News about Prince William's and Kate Middleton's soon-to-be royal baby has been swirling for weeks now, and as the due date approaches sometime later this week, the world anxiously awaits the birth of a future king or queen.

Although it's impossible to discern from a mother's physiological changes during pregnancy what sex the baby will be, one obstetrician weighs in with her thoughts — drawing on intuition, statistical trends, and the experience of over 1,000 deliveries.

Dr. Jennifer Ashton cites three key changes to look for in women who go on to give birth to girls. "I've also had two children of my own," she wrote. "And science, medicine, wives' tales, and gut instinct tell me we're about to see a future queen be born."

Hint #1: The Face

When mothers gain weight during their pregnancy, the distribution of fat throughout their body is seldom even. And while women typically deposit fat in their legs — as opposed to men in their stomachs — not all women experience the same physical changes during pregnancy. It's for this reason that Ashton cites the face as a key marker for determining the child's sex.

"The mother's face is often the part of the body that reveals the most about the gender of an unborn baby. As the wives' tale states: Women carrying girls tend to have their faces become fuller, broader than women carrying boys," she noted. "Kate's face appeared full almost immediately, well before she even had a 'bump.' Score one for girl."

Hint #2: The Belly

Obstetricians and mid-wives have long championed the theory that women who carry their pregnancy mainly in their stomach, meaning little weight gain elsewhere in the body (think basketball under a shirt), typically give birth to a boy. Meanwhile, women who fill out evenly around their hips, legs, and face, tend to have girls.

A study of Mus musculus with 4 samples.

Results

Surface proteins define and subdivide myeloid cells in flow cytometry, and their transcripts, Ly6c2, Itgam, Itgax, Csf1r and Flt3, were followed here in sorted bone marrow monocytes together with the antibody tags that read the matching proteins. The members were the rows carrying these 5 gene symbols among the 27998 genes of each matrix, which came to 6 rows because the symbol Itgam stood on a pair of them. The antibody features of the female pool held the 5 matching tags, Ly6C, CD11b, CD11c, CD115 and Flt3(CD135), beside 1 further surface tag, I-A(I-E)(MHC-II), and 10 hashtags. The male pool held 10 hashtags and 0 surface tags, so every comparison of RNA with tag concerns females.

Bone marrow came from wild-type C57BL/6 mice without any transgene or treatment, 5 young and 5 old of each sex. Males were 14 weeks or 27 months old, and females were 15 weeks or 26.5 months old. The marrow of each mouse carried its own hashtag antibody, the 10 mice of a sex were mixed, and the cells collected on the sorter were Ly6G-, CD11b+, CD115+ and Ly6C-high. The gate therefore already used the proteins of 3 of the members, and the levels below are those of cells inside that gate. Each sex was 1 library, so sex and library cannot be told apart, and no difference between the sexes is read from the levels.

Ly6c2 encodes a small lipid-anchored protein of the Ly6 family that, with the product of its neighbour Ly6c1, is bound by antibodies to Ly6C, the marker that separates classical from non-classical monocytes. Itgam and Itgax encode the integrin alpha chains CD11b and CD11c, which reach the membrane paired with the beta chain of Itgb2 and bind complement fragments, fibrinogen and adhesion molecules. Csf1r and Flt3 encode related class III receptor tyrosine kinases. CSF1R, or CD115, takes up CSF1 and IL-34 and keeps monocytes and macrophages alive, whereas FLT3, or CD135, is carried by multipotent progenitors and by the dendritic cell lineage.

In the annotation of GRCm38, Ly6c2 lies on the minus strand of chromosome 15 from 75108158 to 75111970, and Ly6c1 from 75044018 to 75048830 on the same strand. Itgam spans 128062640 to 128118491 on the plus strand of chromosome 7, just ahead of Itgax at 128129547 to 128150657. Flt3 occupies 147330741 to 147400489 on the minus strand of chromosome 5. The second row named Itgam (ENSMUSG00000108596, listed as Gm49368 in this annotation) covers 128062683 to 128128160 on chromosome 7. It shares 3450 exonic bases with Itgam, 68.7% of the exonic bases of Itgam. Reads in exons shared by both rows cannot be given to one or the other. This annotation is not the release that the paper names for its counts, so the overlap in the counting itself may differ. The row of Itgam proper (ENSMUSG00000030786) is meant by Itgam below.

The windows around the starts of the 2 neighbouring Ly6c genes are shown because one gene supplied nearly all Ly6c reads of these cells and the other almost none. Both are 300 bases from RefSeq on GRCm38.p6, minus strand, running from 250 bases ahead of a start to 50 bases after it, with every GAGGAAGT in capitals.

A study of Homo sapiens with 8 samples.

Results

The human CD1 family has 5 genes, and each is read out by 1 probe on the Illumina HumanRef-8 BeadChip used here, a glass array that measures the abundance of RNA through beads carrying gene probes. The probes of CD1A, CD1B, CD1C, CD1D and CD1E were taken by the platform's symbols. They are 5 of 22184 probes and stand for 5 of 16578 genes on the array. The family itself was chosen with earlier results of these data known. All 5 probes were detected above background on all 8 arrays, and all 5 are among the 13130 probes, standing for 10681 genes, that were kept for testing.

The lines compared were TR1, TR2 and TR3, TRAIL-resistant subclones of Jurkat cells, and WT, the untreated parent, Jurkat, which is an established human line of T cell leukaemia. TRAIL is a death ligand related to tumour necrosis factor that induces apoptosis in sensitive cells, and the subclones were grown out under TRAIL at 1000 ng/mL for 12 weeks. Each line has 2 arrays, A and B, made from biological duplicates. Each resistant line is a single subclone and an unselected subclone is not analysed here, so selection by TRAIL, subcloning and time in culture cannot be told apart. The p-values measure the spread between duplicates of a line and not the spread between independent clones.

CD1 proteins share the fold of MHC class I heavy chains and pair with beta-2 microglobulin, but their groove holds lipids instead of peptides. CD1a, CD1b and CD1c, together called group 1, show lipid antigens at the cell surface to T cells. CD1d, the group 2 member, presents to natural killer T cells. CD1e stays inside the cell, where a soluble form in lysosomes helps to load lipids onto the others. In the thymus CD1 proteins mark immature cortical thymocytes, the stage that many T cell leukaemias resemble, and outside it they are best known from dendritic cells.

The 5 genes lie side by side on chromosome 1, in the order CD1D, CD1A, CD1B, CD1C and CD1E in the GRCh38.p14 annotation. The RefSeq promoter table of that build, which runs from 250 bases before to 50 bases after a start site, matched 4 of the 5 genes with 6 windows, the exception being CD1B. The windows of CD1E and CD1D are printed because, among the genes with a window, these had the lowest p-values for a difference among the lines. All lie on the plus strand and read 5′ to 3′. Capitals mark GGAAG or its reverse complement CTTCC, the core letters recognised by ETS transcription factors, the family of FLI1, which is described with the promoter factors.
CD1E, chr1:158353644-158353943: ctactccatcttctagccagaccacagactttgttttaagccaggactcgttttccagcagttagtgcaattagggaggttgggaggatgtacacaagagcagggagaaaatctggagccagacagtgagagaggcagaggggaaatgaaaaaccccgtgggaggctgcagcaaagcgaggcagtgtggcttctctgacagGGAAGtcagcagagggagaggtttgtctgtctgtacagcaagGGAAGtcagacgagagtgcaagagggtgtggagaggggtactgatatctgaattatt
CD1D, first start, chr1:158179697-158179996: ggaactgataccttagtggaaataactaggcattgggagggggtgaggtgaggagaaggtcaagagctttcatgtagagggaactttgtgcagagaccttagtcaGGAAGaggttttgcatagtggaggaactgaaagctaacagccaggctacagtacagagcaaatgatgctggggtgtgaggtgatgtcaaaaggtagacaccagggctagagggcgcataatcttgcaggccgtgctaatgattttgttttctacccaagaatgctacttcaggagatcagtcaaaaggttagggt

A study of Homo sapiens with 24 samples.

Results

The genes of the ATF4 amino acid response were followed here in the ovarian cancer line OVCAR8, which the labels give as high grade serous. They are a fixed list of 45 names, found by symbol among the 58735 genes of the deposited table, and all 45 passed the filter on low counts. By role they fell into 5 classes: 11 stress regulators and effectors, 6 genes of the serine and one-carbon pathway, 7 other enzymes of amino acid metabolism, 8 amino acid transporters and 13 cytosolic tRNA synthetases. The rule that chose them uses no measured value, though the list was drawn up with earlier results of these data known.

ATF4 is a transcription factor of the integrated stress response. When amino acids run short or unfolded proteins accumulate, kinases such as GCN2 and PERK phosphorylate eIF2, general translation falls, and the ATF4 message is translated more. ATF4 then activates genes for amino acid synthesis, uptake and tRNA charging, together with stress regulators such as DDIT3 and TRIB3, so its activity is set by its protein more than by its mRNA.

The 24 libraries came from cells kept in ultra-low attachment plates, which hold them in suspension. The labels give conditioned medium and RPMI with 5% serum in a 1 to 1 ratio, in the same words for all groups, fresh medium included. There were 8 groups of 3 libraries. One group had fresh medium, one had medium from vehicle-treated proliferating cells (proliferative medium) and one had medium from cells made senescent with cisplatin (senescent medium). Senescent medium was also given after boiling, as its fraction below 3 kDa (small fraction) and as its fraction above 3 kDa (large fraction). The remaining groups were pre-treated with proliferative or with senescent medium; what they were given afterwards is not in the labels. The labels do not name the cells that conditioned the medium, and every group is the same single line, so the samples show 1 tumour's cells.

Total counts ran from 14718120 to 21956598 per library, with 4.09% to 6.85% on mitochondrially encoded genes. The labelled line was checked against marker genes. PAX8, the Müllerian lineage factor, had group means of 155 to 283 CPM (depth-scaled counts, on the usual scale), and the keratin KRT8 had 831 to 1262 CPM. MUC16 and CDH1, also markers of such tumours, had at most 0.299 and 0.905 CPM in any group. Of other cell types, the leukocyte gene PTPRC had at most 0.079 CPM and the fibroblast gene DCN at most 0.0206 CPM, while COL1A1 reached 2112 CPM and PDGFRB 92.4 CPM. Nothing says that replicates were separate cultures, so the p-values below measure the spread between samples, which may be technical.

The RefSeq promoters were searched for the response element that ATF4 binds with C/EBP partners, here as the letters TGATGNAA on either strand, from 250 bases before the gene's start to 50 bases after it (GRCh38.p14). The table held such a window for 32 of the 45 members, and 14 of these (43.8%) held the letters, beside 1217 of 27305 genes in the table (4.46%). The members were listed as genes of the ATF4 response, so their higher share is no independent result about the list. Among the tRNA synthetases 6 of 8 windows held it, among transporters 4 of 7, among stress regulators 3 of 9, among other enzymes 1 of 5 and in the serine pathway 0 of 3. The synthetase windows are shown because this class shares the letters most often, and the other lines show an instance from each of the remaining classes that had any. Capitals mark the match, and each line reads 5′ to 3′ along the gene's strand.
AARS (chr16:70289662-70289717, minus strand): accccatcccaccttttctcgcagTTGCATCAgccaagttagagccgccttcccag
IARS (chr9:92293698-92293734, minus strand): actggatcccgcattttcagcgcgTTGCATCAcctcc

"Even the incredibly slender Kate seemed to fill out diffusely, legs and face included," Ashton wrote. "Score two for girl."

Hint #3: The Type Of Pregnancy

"In my experience, girls make for 'tougher' pregnancies than boys do," Ashton remarked. "Hyperemesis - the excessive nausea and vomiting that landed Kate in the hospital in her first trimester - is associated more often with girl babies," which ultimately leads Ashton to her conclusion: "That's three for a girl!" she said.

Ashton reminds us that these theories are based on pure speculation. One theory even says arbitrarily measuring the fetus' heartbeat can provide clues to its gender: over 140 beats per minute, it's a girl. Under, it's a boy.

"These are the docs or midwives who know their facts cold, but can also simply look at a patient, examine a pregnant woman, and predict with incredible accuracy the course of her pregnancy, labor and delivery," Ashton wrote, before adding that her 50/50 odds are the same as the rest of ours.

So until the first royal tears are cried, keep calm and carry on.